Right in the centre - Life goes on– hopefully!


By Ken Waddell

Neepawa Banner & Press

When it comes right down to the facts of life (and death), all we have is hope. We are living in trying times. We have all gone through trying times before, be it personally, in our family history or in the history of our country.

When Queen Elizabeth spoke this past weekend, she reminded us that there will be better days ahead. She should know, as she referred to her first broadcast message from 80 years ago during the early days of WWII. Since then, she, her family and the world have been through an awful lot. Or in other words, the world has been through a lot of awful.

All we really have is hope and for many, it comes from faith. Faith in God, faith in oneself, in family, friends, neighbours and fellow citizens. We are being asked to go through a lot right now, but fortunately, for most Manitobans so far, it is “only” a matter of inconvenience and financial stretching.

I think that our municipal governments and the Province are doing a good job. There are daily press conferences, including Saturday and Sunday.

As we all are, they are dealing with a lot of unknowns. What will happen to the COVID-19 infection rate? Who all will get sick and how sick? Will there be a large number of deaths? At the time of this writing (Apr. 6), there have only been two COVID-19 deaths in Manitoba. So far, many more people have died due to other causes in the same time frame. I emphasize, so far!

And therein lies the problem of uncertainty. I would respectfully say that the federal government isn’t doing as well as the Province. Let’s just say I don’t share Justin Trudeau’s love for China. Given the devastation of the SARS epidemic in 2003 and given that COVID-19 came about from a similar place and a similar source, the feds should have acted quicker and more directly. They might have risked being called racist, but flights out of Wuhan, China, should have been cut off much sooner.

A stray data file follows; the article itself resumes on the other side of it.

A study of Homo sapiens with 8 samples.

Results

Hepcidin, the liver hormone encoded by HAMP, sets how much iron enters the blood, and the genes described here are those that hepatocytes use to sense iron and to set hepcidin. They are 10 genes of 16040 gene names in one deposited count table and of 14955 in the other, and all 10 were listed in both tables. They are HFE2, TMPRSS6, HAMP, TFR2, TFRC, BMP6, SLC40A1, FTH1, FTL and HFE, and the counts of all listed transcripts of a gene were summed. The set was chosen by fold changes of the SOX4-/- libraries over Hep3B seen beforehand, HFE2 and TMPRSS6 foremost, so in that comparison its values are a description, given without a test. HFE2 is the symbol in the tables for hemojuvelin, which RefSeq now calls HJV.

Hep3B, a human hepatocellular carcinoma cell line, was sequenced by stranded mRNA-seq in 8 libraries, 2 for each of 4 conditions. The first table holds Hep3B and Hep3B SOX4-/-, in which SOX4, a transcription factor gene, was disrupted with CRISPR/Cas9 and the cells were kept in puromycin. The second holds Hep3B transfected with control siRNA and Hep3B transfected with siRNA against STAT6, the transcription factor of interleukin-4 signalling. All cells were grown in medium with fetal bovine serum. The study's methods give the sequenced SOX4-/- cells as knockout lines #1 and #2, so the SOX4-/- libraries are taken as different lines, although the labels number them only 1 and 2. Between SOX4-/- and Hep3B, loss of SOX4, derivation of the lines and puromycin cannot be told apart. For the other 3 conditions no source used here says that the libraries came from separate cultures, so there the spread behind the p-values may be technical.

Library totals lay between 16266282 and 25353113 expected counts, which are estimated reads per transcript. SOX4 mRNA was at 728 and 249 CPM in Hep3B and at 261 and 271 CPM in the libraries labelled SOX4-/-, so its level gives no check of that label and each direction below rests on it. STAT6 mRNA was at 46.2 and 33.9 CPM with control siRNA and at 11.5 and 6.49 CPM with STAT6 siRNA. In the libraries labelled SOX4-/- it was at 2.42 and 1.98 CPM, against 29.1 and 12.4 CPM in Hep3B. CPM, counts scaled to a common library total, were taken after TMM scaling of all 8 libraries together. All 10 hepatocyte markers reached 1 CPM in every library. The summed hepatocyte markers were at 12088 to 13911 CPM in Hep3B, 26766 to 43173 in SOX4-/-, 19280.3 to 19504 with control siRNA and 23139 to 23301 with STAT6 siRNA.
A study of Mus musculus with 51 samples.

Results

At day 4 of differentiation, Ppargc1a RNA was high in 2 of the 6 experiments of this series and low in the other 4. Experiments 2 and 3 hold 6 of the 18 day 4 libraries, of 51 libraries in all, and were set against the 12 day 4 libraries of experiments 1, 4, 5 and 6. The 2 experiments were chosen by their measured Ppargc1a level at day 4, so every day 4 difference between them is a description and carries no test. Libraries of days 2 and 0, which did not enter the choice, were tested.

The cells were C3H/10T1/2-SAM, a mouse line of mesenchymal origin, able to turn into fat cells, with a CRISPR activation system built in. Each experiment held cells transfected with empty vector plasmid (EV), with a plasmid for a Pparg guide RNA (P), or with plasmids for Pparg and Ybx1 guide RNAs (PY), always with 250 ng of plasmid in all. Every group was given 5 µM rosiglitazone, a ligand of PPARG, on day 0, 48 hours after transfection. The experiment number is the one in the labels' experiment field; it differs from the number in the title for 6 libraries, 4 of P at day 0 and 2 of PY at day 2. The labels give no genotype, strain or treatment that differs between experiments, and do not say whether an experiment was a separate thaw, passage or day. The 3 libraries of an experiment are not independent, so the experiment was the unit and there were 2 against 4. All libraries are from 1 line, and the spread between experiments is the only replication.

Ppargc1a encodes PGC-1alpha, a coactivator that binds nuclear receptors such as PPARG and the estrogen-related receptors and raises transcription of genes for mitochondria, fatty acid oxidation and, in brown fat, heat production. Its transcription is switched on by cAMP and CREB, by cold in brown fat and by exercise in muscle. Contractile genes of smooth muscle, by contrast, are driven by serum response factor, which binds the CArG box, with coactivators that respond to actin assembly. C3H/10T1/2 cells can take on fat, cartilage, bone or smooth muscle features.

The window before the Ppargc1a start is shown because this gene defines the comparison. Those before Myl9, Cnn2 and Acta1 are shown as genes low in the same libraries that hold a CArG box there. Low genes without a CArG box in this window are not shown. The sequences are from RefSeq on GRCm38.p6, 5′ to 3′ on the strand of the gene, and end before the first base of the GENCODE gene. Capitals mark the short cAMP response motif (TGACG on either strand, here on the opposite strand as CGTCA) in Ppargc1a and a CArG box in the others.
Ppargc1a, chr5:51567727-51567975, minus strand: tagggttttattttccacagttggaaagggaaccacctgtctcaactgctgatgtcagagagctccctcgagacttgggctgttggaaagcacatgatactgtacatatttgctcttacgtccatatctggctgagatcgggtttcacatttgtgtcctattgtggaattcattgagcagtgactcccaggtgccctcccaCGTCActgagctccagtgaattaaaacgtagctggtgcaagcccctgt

Taiwan shut the door pretty early on that account and it looks like it has helped them handle the virus. Admittedly, Taiwan doesn’t miss a chance to blame China for everything and vice versa. That said, I don’t trust  a lot of countries, and most of all I don’t trust China. Their whole system runs pretty much against everything I believe in and their actions in the past few years have done little to change my mind.

In my mind, the big question is what do we do next time? With all the world travel, increasing globalization of business, tourism and trade, travel will come back. It was travel that bit us during SARS and travel that did us in with COVID-19. The heavy attempts to flatten the curve are going to mean a lot of people won’t get COVID-19. Not this time, anyway, but there will be another wave, and another and maybe a fourth. The disease will be unrelenting until either everyone is immunized naturally or there is a vaccine.

I think the lesson learned here should be to do more rigorous and faster testing. The new tests are supposed to be much quicker.

The biggest problem is determining when an outbreak occurs and reacting much faster. I don’t think we got the story soon enough out of China. I believe they willfully suppressed the bad news and that suppression may well have caused thousands of deaths.

We also need to slow the mad rush to globalization. Canada, with all it’s great ag resources, should not have to import as much food as we do. We probably can’t ever grow bananas or oranges, but a lot of other foods can be produced here. We need a Canada First food policy, it’s a matter of national security.

Stay safe everyone, and yes, wash your hands.

Disclaimer: The writer serves as a volunteer chair of the Manitoba Community Newspaper Association. The views expressed in this column are the writer’s personal views and are not to be taken as being  the view of the MCNA board or Banner & Press staff.